Http Version Comparison
For every TCP connection there is only one request and one response.
It supports connection reuse i.e. for every TCP connection there could be multiple requests and responses, and pipelining where the client can request several resources from the server at once.
However, pipelining was hard to implement due to issues such as head-of-line blocking and was not a feasible solution.
Uses multiplexing, where over a single TCP connection resources to be delivered are interleaved and arrive at the client almost at the same time.
It is done using streams which can be prioritized, can have dependencies and individual flow control.
It also provides a feature called server push that allows the server to send data that the client will need but has not yet requested.
Each request from the browser need build a connection with the server, once the server has handled the request and it will stop the tcp connection immediately.
The server do not trace every client, and record the past requests too.
- persistent connection
- Host header is required
- content negotiation
https ==> HTTP + SSL
- Binary Protocol
- Low overhead in parsing data — a critical value proposition in HTTP/2 vs HTTP1.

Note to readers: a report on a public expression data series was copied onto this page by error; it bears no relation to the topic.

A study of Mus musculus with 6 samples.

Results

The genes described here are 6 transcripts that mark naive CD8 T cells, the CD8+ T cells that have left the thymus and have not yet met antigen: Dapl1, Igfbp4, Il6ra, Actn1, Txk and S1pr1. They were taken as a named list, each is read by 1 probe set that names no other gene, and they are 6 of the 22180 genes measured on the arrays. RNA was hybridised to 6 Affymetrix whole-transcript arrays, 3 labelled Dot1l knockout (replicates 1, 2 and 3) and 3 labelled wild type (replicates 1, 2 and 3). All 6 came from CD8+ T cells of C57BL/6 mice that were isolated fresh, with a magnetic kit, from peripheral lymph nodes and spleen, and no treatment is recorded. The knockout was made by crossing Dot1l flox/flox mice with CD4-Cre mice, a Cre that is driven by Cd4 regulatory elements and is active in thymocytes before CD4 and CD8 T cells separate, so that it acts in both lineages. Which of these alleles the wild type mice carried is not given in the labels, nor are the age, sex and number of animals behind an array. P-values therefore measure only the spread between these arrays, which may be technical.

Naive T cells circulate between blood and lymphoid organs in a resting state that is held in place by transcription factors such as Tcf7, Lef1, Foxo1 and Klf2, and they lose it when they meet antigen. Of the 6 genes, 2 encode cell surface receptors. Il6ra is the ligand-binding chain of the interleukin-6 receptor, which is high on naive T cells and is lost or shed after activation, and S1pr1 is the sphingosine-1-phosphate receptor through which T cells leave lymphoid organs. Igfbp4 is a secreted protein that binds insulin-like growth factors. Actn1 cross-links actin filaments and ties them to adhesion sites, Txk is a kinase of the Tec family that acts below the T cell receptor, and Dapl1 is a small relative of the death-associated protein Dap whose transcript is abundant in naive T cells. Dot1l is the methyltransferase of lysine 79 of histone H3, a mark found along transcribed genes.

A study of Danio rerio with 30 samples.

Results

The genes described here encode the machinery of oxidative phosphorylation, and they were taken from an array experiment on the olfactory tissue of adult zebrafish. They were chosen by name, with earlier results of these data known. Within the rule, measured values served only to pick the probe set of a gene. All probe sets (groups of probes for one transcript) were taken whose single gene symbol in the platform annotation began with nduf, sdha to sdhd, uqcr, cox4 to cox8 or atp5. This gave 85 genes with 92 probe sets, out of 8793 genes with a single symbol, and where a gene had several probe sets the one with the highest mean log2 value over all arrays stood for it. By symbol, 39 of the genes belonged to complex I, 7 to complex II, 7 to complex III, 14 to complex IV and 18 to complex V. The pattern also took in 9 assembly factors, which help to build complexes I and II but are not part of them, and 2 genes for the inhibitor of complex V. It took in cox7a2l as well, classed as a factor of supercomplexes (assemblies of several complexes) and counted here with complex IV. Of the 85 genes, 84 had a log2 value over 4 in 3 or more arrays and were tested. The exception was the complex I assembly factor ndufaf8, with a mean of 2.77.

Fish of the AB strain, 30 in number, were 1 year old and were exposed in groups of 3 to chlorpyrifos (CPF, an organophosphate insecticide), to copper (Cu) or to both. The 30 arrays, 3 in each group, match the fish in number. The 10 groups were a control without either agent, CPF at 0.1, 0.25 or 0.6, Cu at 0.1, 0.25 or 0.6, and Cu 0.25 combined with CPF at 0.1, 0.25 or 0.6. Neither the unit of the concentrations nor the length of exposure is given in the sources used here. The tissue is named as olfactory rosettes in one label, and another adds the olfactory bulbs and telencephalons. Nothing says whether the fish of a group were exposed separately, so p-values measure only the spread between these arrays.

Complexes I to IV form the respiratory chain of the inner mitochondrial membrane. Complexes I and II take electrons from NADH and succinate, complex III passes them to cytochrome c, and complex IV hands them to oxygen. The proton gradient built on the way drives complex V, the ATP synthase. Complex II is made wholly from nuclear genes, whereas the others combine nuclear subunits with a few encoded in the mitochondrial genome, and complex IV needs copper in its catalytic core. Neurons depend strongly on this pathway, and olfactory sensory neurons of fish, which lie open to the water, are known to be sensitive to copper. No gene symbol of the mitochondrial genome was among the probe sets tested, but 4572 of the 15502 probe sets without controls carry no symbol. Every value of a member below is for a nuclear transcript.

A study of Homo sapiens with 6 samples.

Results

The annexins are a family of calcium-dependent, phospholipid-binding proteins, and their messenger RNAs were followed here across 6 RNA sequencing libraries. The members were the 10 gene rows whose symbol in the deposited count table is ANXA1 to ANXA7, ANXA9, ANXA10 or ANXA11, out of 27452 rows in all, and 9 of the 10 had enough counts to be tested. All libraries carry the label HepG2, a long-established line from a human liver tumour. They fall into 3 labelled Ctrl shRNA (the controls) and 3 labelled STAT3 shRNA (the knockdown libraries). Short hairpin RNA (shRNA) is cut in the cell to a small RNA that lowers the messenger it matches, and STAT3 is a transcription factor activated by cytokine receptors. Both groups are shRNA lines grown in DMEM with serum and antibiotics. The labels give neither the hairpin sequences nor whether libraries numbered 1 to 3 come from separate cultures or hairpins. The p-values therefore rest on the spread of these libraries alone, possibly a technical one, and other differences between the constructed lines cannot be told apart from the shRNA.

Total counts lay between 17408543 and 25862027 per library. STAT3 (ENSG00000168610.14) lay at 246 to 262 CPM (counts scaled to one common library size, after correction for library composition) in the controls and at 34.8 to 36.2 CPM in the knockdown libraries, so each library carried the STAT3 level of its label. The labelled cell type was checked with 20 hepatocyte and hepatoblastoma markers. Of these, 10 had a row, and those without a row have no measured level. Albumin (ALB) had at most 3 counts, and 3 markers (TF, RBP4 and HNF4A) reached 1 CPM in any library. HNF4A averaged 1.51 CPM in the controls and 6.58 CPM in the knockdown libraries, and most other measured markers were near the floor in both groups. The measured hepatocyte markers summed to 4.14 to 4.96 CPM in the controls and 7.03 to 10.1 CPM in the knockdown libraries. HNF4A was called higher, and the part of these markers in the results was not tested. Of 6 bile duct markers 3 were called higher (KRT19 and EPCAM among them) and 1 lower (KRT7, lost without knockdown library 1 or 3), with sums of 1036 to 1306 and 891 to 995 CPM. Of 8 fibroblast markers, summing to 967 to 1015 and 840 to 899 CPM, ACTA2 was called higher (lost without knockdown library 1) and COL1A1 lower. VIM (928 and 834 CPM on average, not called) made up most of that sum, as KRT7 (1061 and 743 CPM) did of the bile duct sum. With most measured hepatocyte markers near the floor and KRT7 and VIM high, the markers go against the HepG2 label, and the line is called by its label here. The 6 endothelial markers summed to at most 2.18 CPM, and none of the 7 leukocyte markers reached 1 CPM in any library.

- Less prone to errors.
- Lighter network footprint.
- Effective network resource utilization.
- Reduced network latency and improved throughput.
- Eliminating security concerns associated with the textual nature of HTTP1.x such as response splitting attacks.
- Efficient and robust in terms of processing of data between client and server.
- Compact representation of commands for easier processing and implementation.
- Enables other capabilities of the HTTP/2 including compression, multiplexing, prioritization, flow control and effective handling of TLS.
- Request Multiplexing
- Allows you to download web files asynchronously from one server.
- Header Compression
- Server Push
- The client saves pushed resources in the cache.
- The client can reuse these cached resources across different pages.
- The server can multiplex pushed resources along with originally requested information within the same TCP connection.
- The server can prioritize pushed resources — a key performance differentiator in HTTP/2 vs HTTP1.
- The client can decline pushed resources to maintain an effective repository of cached resources or disable Server Push entirely.
- The client can also limit the number of pushed streams multiplexed concurrently.